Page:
The Brazos River Authority Board (Board) took formal action to decommission the hydroelectric generation facility located at the Morris Sheppard Dam on Possum Kingdom Lake.

At a specially called meeting regarding the facility, the Board unanimously passed a resolution instructing Authority staff to “take any and all steps necessary to surrender the Federal Energy Regulatory Commission (FERC) license and to decommission the hydroelectric generation facility.”

The facility was constructed and went into operation in the early 1940s. It consists of two 11.25 mega watt electric turbine generators and all associated infrastructure necessary for hydroelectric generation. The 70-year-old plant was taken off-line in 2007 due to safety concerns with the plant’s penstocks and electrical malfunctions.

According to studies performed by outside consultants, the cost to rehabilitate and relicense the plant and to operate it for a 40-year period (including rehabilitation, licensing of the facility, FERC fees and safety, maintenance and operational expenses) would be just under $105 million.

With a limited projected income from hydroelectric power generation during that period, the analysis anticipated the Authority could expect to lose approximately $18 million over a 40-year period.

In contrast, the projected cost to decommission the plant is approximately $8 million. The analysis warns that a number of unknown factors could ultimately increase the anticipated cost of rehabilitation, relicensing, and continued operations.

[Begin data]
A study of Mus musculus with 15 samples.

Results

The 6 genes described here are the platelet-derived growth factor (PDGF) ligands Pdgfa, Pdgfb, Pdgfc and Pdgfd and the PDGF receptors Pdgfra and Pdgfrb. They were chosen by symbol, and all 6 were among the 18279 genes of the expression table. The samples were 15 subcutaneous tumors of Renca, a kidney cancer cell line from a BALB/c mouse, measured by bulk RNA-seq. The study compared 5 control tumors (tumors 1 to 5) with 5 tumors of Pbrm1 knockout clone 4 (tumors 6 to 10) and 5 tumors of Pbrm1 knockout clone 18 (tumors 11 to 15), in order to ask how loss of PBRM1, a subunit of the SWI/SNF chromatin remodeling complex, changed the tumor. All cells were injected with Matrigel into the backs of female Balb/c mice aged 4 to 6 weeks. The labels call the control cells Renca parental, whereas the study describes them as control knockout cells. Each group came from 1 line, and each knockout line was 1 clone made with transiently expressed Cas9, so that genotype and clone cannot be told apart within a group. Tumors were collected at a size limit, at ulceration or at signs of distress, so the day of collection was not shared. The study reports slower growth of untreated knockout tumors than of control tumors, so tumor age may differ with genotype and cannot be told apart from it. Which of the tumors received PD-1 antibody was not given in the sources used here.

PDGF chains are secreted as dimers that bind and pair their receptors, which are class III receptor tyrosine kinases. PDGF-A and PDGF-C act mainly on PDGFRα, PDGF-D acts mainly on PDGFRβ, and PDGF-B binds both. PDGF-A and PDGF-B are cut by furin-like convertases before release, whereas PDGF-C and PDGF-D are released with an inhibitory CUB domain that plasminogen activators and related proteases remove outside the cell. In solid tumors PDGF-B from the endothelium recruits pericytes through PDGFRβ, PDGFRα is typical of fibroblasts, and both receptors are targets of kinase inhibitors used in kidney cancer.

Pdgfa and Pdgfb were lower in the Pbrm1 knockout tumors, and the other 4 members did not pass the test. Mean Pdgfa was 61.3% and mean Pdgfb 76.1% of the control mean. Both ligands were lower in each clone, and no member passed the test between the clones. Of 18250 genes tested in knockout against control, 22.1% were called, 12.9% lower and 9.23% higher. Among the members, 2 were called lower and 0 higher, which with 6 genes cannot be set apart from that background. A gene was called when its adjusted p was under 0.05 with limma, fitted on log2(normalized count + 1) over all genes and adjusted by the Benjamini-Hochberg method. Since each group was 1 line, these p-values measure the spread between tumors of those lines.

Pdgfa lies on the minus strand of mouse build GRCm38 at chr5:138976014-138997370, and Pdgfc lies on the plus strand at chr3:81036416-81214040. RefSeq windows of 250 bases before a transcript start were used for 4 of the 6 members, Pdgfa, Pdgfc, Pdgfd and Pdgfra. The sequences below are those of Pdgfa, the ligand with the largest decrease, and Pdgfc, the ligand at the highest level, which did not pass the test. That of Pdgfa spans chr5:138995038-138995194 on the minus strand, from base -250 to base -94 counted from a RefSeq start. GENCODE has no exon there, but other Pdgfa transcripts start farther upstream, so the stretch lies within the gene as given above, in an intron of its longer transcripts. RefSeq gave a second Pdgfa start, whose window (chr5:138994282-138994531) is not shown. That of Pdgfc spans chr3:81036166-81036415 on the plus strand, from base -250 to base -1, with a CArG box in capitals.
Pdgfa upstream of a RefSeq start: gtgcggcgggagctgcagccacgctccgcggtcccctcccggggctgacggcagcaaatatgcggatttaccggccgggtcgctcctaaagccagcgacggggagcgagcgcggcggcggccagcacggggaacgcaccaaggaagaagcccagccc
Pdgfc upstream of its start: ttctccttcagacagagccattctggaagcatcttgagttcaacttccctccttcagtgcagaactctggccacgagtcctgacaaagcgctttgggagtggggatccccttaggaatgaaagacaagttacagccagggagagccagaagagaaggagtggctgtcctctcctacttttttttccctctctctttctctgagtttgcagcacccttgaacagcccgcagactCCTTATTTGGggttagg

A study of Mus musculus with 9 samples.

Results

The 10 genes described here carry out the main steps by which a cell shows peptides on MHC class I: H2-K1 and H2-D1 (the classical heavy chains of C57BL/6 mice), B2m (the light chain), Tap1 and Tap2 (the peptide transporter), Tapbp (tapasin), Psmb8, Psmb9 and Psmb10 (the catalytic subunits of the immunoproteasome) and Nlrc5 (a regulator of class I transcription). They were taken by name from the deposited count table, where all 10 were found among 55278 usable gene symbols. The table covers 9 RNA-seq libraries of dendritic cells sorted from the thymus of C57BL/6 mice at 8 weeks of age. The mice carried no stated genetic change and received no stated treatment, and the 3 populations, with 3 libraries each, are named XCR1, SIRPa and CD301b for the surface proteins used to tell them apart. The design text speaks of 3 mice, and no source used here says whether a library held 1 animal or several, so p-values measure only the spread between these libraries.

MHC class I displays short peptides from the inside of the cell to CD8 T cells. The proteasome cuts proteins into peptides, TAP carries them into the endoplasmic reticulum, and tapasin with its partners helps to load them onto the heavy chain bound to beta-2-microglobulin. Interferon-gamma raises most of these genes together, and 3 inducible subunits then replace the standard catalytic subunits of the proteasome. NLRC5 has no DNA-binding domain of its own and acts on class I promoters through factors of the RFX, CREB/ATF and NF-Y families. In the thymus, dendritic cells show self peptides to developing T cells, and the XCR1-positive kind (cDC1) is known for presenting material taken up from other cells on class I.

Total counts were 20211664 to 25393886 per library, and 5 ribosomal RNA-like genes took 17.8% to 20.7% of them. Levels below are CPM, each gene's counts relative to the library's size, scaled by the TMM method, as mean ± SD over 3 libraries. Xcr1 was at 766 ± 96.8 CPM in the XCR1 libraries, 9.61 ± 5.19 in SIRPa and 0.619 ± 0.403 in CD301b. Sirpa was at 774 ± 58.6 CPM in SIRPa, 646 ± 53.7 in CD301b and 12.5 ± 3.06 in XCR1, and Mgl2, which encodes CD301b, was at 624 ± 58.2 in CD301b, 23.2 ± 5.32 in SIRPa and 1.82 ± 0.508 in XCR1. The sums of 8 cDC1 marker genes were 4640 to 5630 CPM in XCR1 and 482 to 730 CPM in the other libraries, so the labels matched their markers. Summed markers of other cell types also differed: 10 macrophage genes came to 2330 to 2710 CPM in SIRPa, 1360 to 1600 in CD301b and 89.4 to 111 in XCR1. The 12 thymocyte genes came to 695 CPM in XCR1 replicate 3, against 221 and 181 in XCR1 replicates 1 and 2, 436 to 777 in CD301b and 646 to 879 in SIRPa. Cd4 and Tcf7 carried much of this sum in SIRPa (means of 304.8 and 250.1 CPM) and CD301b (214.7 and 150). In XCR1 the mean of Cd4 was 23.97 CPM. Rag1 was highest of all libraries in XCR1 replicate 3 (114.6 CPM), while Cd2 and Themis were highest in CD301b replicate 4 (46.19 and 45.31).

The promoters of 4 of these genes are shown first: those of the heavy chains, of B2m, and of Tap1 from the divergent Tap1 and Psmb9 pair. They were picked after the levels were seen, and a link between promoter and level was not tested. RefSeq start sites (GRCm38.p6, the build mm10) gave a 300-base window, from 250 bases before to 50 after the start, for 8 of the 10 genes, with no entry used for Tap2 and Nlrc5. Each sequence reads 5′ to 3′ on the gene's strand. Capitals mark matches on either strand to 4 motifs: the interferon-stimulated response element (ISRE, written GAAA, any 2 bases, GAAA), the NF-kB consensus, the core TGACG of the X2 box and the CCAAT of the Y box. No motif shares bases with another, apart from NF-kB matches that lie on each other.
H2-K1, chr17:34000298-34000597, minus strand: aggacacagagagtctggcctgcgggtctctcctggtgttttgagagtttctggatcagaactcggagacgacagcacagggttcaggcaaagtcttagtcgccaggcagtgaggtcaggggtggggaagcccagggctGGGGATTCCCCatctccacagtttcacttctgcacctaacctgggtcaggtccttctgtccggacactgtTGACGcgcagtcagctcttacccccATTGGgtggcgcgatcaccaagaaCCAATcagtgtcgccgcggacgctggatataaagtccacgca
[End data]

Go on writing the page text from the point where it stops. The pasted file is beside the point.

After reviewing the analysis, which demonstrates the impracticability of continued operations, the Board made the determination that decommissioning the facility was the most prudent option.

Pursuant to the directive of the Board, Authority staff will prepare an application to surrender the FERC license that controls federal oversight of the facility, the designated FERC project area, and other factors regarding the Authority’s role as the license’s local sponsor.

Under FERC’s guidance and direction, the decommissioning process could take 2-3 years, though a specific timeline is unknown. Until the process is complete the Authority will continue to enforce its obligations under the terms of the existing FERC license. These obligations include managing the current FERC shoreline setback or “project area.”